Located in western Monmouth County, Charleston Springs Golf Course is a beautiful, sprawling facility. Comprised of two 18-hole courses, a driving range, and 5-acre Short Game Area, it was definitely one of the nicer courses I had seen to date. The two courses available are the links-style North course and the parkland-style South. The North is where I took my first swings at Charleston Springs for Number 51 on my journey.
Apart from seeing all the public courses on offer in New Jersey, the other great thing about my quest is meeting other golfers along the way. My ideal company for a round of golf is people who have fun, maintain a positive attitude, keep an honest score, and have an aversion to the word ‘mulligan’. My company on the day was just that. After waiting out a frost delay in the pro shop, we headed out to the putting green before finally being called out to the course. (Though, we almost missed our group being called, thanks to a muffled, low-volume PA system.) From there, a short, winding drive through the woods led us to the first tee.
I normally play from the white tees, or whatever would be considered their equivalent. On most of the New Jersey courses I’ve played thus far, there normally is an actual white tee box. When there’s not, anything between 5,800 to 6,300 yards will do. As a mid-handicapper, I’m not out to play from the back tees and have a bad time. I like the idea of having a consistent tee box choice, and having that tee box vary from course to course, each with its own variety of lengths, layouts, and challenges.
At Charleston Springs, we played from the ‘one-up’ tees, which was a method of choosing tee boxes that I hadn’t heard before. For those – like me – who didn’t know, this is a reference from the back tees; i.e. playing the next tee box up/forward from the back. I would’ve chosen the ‘two-ups’ – which were actually the 5,758-yard white tees – but I was outvoted, and happy to oblige.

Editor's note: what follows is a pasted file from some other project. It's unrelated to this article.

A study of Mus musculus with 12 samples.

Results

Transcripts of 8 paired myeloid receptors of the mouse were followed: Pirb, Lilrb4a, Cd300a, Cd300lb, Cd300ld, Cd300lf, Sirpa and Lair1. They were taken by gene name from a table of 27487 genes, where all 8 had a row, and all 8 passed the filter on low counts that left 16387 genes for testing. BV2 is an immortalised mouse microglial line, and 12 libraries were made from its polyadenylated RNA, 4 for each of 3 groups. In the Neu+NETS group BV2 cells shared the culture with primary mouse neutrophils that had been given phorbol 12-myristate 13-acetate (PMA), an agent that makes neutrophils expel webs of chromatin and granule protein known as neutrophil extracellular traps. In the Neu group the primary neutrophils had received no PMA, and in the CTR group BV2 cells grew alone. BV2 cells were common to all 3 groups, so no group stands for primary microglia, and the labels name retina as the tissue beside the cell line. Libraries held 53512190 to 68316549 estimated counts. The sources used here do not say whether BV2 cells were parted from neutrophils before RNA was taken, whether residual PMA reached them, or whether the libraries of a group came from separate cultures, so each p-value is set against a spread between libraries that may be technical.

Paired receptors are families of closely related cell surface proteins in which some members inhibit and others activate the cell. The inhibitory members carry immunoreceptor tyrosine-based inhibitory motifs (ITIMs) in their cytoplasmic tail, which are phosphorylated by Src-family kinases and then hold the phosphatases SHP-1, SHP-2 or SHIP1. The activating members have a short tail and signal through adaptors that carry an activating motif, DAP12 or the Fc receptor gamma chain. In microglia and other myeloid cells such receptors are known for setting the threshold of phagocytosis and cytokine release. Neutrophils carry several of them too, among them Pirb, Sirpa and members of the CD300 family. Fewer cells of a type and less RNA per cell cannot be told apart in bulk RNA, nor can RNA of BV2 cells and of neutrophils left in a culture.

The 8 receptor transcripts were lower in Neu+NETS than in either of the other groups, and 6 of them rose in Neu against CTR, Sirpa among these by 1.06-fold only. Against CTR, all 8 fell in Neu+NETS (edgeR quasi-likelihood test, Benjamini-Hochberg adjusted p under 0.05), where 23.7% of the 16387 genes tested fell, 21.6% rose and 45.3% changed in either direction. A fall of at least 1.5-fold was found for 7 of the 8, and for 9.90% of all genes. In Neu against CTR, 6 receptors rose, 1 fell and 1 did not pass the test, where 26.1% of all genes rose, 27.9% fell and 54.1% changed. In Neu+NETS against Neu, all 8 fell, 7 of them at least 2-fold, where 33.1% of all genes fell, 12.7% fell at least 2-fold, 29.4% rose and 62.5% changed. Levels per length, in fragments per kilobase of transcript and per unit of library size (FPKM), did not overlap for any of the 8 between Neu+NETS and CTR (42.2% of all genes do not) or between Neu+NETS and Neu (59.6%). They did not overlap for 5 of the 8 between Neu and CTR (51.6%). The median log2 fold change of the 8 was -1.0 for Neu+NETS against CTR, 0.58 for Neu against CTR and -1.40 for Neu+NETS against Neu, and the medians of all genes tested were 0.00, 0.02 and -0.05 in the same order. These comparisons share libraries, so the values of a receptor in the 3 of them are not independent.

Playing in the morning after a frost delay in early November, it was a windy and cold start. Nevertheless, I made a decent start through the first five holes, playing them in +3. The layout for the opening five is actually something I don’t think I’ve seen before, with the 1st and 2nd taking you away from the clubhouse, slowly turning tighter in a counter-clockwise spiral, culminating in the lakeside par-3 fifth, which also heads away from home.
As well as I had scored, I had been hitting poor shots from the fairway – both fat and thin – most of the round to that point. After bogeying the 6th, I lost a ball off the tee on 7 and had trouble getting out of a bunker on 8. I took double-bogey on both, but made par on 9 to make the turn at +8.
As the day started to warm, so did my game. After bogeying the 10th, I carded my first (and only) birdie on 11, and that began a 4-hole GIR streak. A shank off the tee and some poor iron play brought me back to earth with double-bogey on both 15 and 16. The penultimate hole is a semi-long, but wide open par 3 (at least from the ‘one-ups’). Headed back towards the woods that lead to the clubhouse, the closing hole is a departure from the design of the rest of the North course. Done in parkland style, the 18th has an incredibly tight tee shot around a large tree hanging over the right side of the fairway, and woods all along the left. I closed bogey/par, coming in at +6 for a round of +14.
While the facility is so much more than what I got to experience, I can say that the North Course at Charleston Springs is among the finer public golf you’ll see in New Jersey. Plenty of challenges, multiple tee-shot decisions, beautiful layout and flow, all on very well maintained grounds make this a public course worth checking out. I had heard this course referred to as ‘better than Neshanic Valley’, a course I hold in high esteem, both in beauty and experience. I don’t know if I would put Charleston Springs North quite there, but I can certainly see it being up for debate.